In 2005, the Royal Society’s report Personalised Medicines: hopes and realities looked at the potential and limitations of pharmacogenetics, the use of genetics to predict an individual’s response to a drug. The report came at a time when the Department of Health was entertaining the idea of implementing pharmacogenetics within the NHS (see the 2003 White Paper, Our inheritance, our future – realising the potential of genetics in the NHS for more details). The RS Personalised Medicines report concluded that the use of pharmacogenetics was unlikely to change clinical practice overnight. Instead, it predicted that it would take 15-20 years for the true potential of personalised medicines to become apparent.

A good illustration of the potential of pharmacogenetics is the application of genetic diagnostics in warfarin dosing. Warfarin is a routinely-administered blood thinner that is processed in the liver by the enzyme CYP2C9. Patients with certain variants of CYP2C9 are thought to break the drug down at a slower rate (up to 20-fold variability between patients) and therefore require a reduced dosage. The identification of slow-metabolising patients is clinically advantageous as they represent a group at risk of being given more Warfarin than necessary and could suffer from undesirable side-effects as a result. Out of over 75 000 patients in the UK who currently receive warfarin, it is estimated that 8-26% suffer from severe side effects, including dangerous bleeding.

The strategy to shift away from a one-size-fits-all approach to medicine and towards grouping patients based on treatment efficacy is known as stratified medicine. In May 2012, the Technology Strategy Board announced a national roadmap to accelerate the development and uptake of stratified medicine in the UK, which will includes around £200m worth of investment over five years (see the upcoming Academy of Medical Sciences report, due to be published early next year, for their recommendations concerning regulatory, economic and infrastructure barriers to the implementation of stratified medicine).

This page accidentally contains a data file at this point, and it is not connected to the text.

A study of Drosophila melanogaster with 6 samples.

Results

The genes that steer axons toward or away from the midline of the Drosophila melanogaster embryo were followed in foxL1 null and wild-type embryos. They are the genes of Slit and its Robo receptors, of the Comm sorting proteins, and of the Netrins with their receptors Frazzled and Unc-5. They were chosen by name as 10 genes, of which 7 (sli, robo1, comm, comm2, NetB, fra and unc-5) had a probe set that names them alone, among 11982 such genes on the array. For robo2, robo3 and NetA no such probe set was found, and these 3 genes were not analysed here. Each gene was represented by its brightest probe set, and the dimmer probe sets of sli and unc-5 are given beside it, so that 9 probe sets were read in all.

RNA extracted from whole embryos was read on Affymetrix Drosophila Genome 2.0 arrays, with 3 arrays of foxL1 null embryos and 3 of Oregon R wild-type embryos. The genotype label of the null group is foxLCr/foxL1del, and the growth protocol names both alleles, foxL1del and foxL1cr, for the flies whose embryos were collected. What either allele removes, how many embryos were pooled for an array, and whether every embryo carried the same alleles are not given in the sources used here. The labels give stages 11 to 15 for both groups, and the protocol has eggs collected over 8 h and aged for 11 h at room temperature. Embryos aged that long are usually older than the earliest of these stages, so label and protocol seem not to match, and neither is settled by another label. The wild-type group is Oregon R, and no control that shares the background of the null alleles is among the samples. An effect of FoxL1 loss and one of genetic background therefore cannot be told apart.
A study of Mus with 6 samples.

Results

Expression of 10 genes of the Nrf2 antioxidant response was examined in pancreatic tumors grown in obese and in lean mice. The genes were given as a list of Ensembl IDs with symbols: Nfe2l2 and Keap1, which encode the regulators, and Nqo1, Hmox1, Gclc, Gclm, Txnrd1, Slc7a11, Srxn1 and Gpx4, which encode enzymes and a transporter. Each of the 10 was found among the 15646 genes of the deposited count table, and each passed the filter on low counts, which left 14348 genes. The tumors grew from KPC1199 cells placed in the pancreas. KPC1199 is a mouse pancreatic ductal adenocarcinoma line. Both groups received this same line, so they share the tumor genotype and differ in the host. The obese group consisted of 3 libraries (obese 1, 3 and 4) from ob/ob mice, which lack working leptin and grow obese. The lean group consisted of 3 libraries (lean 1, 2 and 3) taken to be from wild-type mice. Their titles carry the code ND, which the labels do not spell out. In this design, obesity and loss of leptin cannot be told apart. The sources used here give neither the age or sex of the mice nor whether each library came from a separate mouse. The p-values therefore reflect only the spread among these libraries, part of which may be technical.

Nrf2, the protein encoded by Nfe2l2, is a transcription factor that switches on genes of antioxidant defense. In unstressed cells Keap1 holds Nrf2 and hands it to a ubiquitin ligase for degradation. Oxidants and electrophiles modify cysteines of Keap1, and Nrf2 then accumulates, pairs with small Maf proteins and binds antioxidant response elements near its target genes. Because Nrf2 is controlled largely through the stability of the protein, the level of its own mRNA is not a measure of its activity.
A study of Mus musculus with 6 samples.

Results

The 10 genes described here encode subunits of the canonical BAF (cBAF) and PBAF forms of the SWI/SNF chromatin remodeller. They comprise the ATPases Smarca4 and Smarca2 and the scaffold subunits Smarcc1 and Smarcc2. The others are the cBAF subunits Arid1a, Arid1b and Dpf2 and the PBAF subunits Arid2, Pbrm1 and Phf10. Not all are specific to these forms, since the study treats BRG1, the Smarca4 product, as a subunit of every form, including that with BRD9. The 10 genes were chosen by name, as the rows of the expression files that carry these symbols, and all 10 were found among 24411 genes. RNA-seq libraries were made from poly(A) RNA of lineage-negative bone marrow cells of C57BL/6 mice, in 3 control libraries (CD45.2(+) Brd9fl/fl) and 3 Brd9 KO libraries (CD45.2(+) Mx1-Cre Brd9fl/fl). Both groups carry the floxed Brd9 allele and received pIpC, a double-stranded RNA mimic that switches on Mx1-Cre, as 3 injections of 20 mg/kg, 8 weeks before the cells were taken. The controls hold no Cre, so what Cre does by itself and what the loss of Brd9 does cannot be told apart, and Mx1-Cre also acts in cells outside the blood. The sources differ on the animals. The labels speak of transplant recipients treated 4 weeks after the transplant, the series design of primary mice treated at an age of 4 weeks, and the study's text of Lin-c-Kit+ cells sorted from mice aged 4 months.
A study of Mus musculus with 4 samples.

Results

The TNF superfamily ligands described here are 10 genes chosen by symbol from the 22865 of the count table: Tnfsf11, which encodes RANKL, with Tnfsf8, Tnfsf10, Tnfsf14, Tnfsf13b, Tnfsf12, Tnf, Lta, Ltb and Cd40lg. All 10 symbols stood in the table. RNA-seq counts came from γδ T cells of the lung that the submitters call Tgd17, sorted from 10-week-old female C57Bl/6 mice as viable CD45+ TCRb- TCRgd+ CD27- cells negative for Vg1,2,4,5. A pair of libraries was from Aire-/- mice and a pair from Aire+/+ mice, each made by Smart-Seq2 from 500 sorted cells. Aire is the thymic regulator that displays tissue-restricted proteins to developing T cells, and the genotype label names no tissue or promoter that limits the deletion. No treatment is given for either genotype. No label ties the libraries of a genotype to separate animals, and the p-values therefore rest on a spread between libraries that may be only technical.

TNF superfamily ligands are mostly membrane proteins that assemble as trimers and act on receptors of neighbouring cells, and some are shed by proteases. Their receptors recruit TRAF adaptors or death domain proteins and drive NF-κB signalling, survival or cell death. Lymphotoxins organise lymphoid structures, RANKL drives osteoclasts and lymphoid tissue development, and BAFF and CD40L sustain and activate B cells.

Unfortunately, useful stratification may be less straightforward than it seems, as much of the variation observed between patients is due to factors other than genetics, such as age, lifestyle, presence of other illnesses and use of other drugs. For example, variation in warfarin metabolising enzymes only accounts for 30% of warfarin dosing variability, throwing into question current clinical benefits and cost-effectiveness of routine warfarin pharmacogenetics.

Encouragingly, recent advances in sequencing and collaborative data collection could help to improve stratification. Genome sequencing is becoming less expensive. In 2008, next generation sequencing technologies dramatically decreased the cost per Mb of DNA sequence, down from £63 in Jan 2008 to £2.4 in Oct 2008. In 2012, the cost is now down to 56p per Mb. On March 30th 2012, the UK Biobank, funded by UK research, charity and government institutions released a unique data resource of the health and lifestyles of half a million Britons – including 26 000 people with diabetes, 50 000 with joint disorders, 41 000 non drinkers, and 11 000 heart attack patients. In addition, data from the 1000 genomes project has been published online. The 1000 genomes project is an international collaborative endeavour which represents the largest collection of human genetics freely available to researchers worldwide.

Using these large databases of patient history and genomic data, researchers hope to untangle the complex interplay of factors behind clinical outcome variability, through the identification of medically useful signatures called biomarkers.

Translated into accurate diagnostic tests, these biomarkers could truly help to unlock the potential of personalised medicines. However securing this success will require supporting strong links between basic research, industry and health care practitioners.